Our research

Our main focus is understanding peripheral pathology in Huntington’s disease (HD) and to investigate its importance for disease pathogenesis and biomarkers.

HD is the most common inherited neurodegenerative disorder and is often regarded as a model for both sporadic and inherited neurodegenerative diseases. Many clinical features of HD can be ascribed to the dysfunction and death of neurons but the evidence is emerging of a role for non-neuronal cells and tissue in the pathogenesis of HD. The causative mutant huntingtin protein is expressed throughout the body, and several disease features cannot be accounted for by neuronal pathology alone. In neurodegenerative diseases in general, non-neuronal tissue and cells are increasingly thought to influence neuronal dysfunction and death.

We base our work on the hypothesis that insights into peripheral pathology in HD will improve knowledge of key pathogenic mechanisms, possibly providing new biomarkers and novel therapeutic targets.


  • To understand the underlying pathological mechanism in Huntington’s disease.

  • To find new pharmacological approaches for Huntington’s disease.

  • To find reliable markers of disease progression and markers that alter with treatment.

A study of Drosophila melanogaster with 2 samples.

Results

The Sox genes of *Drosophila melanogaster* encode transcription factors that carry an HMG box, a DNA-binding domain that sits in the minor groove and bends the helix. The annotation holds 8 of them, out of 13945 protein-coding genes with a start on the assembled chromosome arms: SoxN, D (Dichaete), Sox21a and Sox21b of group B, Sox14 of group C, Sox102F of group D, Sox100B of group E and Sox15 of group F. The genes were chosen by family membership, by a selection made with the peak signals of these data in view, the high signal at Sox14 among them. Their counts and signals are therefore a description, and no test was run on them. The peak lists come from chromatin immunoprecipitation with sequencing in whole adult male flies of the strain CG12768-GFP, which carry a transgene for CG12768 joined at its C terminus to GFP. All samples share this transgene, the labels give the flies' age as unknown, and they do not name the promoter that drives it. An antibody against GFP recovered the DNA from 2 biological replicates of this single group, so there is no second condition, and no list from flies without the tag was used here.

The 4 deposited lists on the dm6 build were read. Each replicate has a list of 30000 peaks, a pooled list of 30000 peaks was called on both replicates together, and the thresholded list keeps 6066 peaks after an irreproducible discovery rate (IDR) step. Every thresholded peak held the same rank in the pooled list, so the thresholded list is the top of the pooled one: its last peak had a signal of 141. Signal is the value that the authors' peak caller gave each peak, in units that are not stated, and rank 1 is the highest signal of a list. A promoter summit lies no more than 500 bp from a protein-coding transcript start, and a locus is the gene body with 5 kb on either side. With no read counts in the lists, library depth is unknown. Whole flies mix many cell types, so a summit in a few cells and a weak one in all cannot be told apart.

Advances in understanding the pathogenesis of neurodegenerative disease and the discovery of parallel biomarkers are crucial for future therapeutic studies. We aim to increase understanding of the underlying mechanisms behind peripheral pathology such as weight loss and altered metabolism observed with HD disease progression, as well as provide new disease-modifying targets.

Ongoing and upcoming strategies to lower mutant huntingtin in the brain provide promising strategies by which to affect central pathology. In light of this, there is increasing interest in the importance of peripheral pathology in HD, as well as treatment strategies targeting the whole body.

How our research contributes to the goals of MultiPark

Increased understanding of Huntington’s disease mechanisms will be translated into potential new disease progression markers and new pharmacological strategies. Our research addresses the aims of MultiPark's working groups 1,4 and 6. 

Research Team & Publications

Read about publications and research team members of the Brain Disease Biomarker Unit in the LU Research Portal.